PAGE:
Saturday, August 8, 2009

New York City's Bridges: George Washington Bridge (2)

One last look at New York City (well, New Jersey actually) and the George Washington Bridge. This photo (taken in 2002) shows preparations for painting the bridge's west tower. The tarp around the scaffolding may be required to prevent lead-based paint from entering the river. The steel towers are composed of arches above and below the bridge deck. The green cliffs behind each tower makes the bridge more attractive.

Note that two suspension cables hang from the top of each tower leg. The 107,000 miles of steel wire used for the suspension cables were manufactured by John Roebling & Sons, whose founder had designed the Brooklyn Bridge. Contractors were allowed to bid the job with either suspension cables or with suspension chains, which seems unthinkable now.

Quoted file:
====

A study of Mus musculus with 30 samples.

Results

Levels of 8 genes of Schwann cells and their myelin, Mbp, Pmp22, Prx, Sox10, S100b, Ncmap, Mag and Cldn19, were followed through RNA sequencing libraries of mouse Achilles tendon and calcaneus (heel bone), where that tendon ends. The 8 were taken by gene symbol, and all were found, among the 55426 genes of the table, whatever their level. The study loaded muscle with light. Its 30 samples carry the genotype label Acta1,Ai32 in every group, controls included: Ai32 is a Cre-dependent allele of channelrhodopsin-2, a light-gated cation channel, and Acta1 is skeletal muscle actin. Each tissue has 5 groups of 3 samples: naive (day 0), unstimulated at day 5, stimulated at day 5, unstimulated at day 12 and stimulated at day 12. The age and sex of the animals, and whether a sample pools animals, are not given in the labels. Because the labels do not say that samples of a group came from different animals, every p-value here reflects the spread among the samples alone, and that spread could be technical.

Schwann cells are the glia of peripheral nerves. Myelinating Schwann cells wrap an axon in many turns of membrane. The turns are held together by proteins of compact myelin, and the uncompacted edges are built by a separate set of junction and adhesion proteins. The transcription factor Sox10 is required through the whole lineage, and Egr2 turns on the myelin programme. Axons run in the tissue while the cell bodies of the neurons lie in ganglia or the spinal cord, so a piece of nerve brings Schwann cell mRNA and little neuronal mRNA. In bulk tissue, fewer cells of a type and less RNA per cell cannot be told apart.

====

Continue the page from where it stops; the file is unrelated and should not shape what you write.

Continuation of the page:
When the bridge was first built, the deck was supported by very thin (twelve-foot deep) plate girders under the roadway. The theory was that the enormous mass of the long deck would act as a stiffener to prevent large movements during windstorms. It may have been fortunate therefore, that they later put a lower deck on the bridge with a deep truss.

We've looked at every river crossing connected to Manhattan, but there are many other interesting bridges in the area. The Bayonne Bridge (1931), the Bronx-Whitestone Bridge (1939), the Throgs Neck Bridge (1961), and the Verrazano-Narrows Bridge (1964) were all designed by Othmar Ammann during the golden age of bridge engineering for New York City.
Creative Commons License
New York City's Bridges: George Washington Bridge (2) by Mark Yashinsky is licensed under a Creative Commons Attribution-NonCommercial-ShareAlike 3.0 United States License.